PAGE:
An investigation into an Indigenous girl's near-fatal electric shock at a public housing property in Perth has failed to reach concrete findings about the ultimate cause.
Denishar Woods was shocked with up to 230 volts when she touched a garden tap at her family's Beldon property in March last year, leaving her effectively blind, wheelchair-bound and unable to do anything for herself.
A report into the cause of the shock, released on Friday, concluded the neutral conductor on an aerial service cable supplying electricity to the property became open circuited after prolonged heating melted it almost completely.
When a kettle was switched on, what was left of the conductor melted, breaking the neutral connection.
"This open circuit neutral caused a voltage rise on the property's protective earth system," the report read.
The tap is connected to the earth system so it became energised, and when the 11-year-old touched it while standing on wet ground, she became a parallel path for the flow of electric current.
But what caused the prolonged heat could not be determined as the evidence was melted, investigators said.
Conclusions could also not be reached about whether the heating started on the aerial service side, which is owned by network operator Western Power, or the property owner side of the mains connection box attached to the roof.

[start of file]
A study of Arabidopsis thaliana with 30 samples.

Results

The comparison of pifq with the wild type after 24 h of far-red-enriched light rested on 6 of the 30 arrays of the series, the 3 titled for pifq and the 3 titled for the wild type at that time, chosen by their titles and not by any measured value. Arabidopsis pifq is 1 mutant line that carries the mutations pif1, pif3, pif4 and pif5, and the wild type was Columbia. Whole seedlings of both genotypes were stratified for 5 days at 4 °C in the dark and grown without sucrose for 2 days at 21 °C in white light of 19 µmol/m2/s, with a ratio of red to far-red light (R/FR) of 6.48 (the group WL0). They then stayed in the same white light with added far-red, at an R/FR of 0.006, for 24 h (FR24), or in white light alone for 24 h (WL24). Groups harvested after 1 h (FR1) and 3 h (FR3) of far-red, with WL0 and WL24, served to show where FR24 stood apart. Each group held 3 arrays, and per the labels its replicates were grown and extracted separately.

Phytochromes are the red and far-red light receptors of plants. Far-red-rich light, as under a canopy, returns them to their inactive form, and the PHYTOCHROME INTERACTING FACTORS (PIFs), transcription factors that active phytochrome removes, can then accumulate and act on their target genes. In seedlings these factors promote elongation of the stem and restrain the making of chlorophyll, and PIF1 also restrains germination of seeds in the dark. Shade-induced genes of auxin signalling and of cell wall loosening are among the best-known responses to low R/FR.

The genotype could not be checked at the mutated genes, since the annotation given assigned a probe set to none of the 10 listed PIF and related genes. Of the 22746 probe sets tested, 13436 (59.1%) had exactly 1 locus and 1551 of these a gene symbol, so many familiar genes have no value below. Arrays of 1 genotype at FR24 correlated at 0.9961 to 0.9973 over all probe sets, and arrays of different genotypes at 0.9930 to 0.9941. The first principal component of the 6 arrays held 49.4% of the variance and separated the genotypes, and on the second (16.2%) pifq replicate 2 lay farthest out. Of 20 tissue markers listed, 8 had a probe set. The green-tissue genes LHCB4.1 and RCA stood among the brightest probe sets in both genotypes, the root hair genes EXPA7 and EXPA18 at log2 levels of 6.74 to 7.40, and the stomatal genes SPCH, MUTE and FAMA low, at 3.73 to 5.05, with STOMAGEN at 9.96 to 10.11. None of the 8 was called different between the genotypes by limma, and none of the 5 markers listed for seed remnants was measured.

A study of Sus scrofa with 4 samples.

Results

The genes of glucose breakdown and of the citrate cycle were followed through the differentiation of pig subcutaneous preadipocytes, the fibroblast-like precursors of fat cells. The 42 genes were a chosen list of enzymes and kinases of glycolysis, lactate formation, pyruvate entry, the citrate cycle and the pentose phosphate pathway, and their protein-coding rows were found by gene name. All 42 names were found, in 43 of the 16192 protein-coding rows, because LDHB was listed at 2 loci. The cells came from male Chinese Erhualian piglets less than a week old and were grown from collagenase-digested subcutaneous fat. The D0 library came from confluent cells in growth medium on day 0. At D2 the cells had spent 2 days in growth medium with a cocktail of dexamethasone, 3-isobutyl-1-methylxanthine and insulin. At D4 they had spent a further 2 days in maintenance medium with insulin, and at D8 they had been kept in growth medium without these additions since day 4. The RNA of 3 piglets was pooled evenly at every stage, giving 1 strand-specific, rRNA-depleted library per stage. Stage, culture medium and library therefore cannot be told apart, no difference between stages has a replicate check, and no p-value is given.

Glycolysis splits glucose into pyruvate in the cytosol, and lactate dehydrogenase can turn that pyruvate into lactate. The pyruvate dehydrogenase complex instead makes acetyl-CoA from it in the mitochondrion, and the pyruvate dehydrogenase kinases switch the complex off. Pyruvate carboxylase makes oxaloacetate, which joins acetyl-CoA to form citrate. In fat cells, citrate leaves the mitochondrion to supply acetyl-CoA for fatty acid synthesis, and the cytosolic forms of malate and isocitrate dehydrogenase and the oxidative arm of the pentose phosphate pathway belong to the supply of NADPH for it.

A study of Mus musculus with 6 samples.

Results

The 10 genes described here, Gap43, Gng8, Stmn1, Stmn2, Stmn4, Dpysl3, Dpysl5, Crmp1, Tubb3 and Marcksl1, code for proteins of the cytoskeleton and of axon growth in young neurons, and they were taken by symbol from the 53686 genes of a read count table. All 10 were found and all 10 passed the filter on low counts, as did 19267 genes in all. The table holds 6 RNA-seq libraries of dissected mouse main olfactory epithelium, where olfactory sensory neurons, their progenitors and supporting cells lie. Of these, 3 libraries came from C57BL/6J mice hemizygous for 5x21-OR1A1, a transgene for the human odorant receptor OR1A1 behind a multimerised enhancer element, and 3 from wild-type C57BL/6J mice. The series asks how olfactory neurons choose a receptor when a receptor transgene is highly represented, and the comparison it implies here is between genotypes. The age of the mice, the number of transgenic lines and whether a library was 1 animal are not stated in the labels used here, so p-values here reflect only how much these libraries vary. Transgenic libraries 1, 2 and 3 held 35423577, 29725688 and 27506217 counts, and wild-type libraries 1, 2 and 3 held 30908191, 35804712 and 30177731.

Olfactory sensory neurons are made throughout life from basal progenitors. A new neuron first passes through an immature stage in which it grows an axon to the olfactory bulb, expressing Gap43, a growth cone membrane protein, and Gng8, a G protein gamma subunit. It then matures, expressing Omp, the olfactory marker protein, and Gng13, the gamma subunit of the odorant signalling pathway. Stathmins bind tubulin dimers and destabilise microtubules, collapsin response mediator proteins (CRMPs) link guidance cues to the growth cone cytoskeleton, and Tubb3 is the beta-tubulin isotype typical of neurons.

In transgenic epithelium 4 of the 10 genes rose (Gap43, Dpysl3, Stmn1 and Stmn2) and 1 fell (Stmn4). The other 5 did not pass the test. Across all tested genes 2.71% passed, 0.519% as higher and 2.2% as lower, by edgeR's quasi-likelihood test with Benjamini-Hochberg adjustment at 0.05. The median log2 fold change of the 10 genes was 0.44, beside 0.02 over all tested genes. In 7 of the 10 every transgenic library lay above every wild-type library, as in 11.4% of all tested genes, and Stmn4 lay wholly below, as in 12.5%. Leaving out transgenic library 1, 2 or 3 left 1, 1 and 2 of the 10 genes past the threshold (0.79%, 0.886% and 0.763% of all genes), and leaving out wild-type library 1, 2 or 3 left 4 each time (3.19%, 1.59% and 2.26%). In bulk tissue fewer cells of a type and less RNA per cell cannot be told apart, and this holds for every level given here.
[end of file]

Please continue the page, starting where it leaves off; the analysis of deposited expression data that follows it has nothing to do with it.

"It is disappointing - above all, for the young girl and her family - that we cannot be more conclusive due to the damaged condition of the components," Energy Safety director Saj Abdoolakhan said.
Shortly after the incident, Energy Safety director Mike Bunko said it was likely caused by an open circuit neutral, which could be caused by corrosion, a loose connection and in some cases, poor workmanship.
Western Power said on Friday "many factors over an extended period contributed to the slow deterioration to the single-phase aerial connection".
In a statement, Housing Minister Peter Tinley said the report had been as meticulous and thorough as possible.
"As a result of its findings the state government has put in place a range of initiatives to improve community safety and to support Denishar and her family," he said.
The state government has offered the family a $1 million act-of-grace payment, but mother Lacey Harrison is seeking more for Denishar's substantial ongoing care through civil action if an out-of-court settlement can't be reached.
Anyone who experiences shocks or tingles from fittings in their homes are urged to report them immediately.